A Zen’s-Eye View: Zen precepts encourage cultivation of honesty

Web Lead

Kuya Minogue is the resident teacher at Creston’s ZenWords Zen Centre.

Kuya Minogue is the resident teacher at Creston’s ZenWords Zen Centre.

The precept “not to lie” is particularly important for healthy community life. There is usually an element of deceit any time we act outside any of the precepts. When we lie to ourselves or to another, we falsify reality and lose the benefit of honest and open communication. If we are to live and work in harmonious community, open and direct communication is essential. When we are working on a family or community project, we are each entitled to straightforward, complete information. In this way, we can feel confident that all our conversations and activities take place in an atmosphere of trust.

There are three elements that must be present in a violation of this precept. First, we need something to lie about; second, an intention to deceive; and third, an expression of falsehood. This means that if one says an untrue thing while sincerely believing it is true, that would not be a violation of the precept. It would be a mistake. However, this does not excuse what lawyers sometimes refer to as “reckless disregard for the truth”. Recklessly spreading false information without making an honest and diligent effort to check it out is not practicing the fourth precept — even if we believe the information is true.

Another way of looking at the precept against lying is to realize that all speech based on self-concern is false or harmful, because speech based on self-concern is designed to promote ourselves, protect ourselves or get what we want out of some situation. Right speech, on the other hand, arises naturally when we speak from selflessness. In other words, speaking truth comes from a practice of truthfulness, of deep honesty. It helps us escape the fetters of selfishness.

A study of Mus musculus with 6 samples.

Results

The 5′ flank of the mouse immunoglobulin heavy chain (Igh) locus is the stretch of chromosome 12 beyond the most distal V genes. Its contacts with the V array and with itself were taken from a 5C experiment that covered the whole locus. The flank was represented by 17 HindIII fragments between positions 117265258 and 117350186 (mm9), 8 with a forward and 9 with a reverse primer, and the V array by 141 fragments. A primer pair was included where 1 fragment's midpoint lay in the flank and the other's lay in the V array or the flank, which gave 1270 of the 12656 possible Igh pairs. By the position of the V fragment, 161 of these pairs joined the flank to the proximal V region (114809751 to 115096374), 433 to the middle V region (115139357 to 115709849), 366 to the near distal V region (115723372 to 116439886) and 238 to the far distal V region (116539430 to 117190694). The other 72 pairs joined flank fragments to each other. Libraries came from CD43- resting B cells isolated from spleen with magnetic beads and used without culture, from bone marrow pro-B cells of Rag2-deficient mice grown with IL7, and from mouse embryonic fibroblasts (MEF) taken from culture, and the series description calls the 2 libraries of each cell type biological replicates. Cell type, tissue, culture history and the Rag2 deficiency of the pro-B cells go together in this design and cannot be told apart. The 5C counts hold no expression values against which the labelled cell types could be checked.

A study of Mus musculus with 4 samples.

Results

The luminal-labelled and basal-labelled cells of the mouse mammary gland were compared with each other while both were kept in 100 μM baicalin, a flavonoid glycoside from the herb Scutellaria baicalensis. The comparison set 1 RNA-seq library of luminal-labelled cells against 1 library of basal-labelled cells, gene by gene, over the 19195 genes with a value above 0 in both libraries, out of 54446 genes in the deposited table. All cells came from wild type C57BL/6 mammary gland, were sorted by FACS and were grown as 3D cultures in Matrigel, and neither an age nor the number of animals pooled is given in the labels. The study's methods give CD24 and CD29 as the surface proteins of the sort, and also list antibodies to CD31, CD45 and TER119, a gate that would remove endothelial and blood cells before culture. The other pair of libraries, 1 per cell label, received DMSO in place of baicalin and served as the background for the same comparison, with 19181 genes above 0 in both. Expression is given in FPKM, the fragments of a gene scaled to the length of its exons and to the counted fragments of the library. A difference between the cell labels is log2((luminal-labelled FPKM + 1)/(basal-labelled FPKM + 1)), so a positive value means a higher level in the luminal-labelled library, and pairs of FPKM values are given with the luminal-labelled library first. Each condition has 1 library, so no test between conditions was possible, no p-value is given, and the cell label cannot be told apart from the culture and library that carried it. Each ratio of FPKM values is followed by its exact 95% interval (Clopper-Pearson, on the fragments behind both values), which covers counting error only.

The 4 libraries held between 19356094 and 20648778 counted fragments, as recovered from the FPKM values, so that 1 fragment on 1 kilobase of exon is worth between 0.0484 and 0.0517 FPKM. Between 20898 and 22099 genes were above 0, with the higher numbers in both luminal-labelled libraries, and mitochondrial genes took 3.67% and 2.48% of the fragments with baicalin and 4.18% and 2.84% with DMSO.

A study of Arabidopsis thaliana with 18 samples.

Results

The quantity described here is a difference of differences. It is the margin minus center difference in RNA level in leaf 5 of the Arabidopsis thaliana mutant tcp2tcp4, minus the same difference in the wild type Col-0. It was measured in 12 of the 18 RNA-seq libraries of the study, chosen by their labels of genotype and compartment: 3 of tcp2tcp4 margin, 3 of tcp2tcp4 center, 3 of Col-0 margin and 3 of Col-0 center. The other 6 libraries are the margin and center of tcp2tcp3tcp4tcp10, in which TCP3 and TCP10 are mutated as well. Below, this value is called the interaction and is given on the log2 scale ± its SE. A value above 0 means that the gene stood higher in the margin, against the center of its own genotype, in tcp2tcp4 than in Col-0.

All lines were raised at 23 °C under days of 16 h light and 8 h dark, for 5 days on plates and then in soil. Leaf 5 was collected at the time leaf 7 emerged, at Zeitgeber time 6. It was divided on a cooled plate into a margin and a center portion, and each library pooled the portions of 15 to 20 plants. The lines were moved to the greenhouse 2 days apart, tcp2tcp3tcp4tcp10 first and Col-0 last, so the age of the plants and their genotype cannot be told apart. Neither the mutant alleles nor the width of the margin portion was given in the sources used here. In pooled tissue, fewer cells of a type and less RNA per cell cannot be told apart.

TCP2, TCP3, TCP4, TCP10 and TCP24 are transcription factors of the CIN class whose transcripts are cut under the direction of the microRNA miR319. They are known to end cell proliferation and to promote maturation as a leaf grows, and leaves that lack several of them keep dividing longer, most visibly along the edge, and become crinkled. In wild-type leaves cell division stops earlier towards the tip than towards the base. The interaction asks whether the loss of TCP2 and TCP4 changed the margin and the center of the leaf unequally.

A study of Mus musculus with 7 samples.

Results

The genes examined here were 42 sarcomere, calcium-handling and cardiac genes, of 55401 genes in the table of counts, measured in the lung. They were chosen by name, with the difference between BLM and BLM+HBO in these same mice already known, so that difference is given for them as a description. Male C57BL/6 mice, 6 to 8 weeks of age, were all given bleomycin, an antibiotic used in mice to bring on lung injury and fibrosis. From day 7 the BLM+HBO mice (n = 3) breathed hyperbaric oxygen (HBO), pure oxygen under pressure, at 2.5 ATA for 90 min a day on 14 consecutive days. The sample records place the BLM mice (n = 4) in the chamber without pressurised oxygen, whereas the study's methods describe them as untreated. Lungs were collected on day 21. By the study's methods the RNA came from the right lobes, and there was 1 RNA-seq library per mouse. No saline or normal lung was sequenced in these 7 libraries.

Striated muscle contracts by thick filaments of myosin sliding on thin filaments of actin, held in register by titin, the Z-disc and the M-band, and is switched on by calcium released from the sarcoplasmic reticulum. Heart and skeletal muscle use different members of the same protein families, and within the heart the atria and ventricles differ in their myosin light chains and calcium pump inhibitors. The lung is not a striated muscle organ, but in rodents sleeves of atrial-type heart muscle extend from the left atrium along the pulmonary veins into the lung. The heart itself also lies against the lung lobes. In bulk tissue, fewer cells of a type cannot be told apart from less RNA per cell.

Sometimes we lie to defend a self-image, a concept or an institution. We want to be known as warm and compassionate, so we deny that we were ever cruel, even though somebody got hurt. Sometimes we lie to protect people, animals, plants and things from getting hurt. The Dalai Lama has said that he would lie to a hunter to protect a deer that had just passed him on a trail.

Telling the truth requires mindfulness of what is true. It also requires that we examine our own motivations when we speak to be sure there isn’t some trace of self-clinging behind our words. For example, people active in social or political causes sometimes become addicted to self-righteousness. Their speech in favour of their cause becomes tainted by their need to feel morally superior to others.

Working with the fourth precept is a deep practice that reaches into your whole body and mind and all aspects of your life. It is also a great gift to others. Like all the precepts it is an essential part of the Zen path.

Suggested practice: For the next two weeks, notice when you intend to speak, consider what you intend to say, and then ask yourself if what you are about to say true.

Kuya Minogue is the resident teacher at Creston’s ZenWords Zen Centre. For more information, she can be reached at 250-428-6500.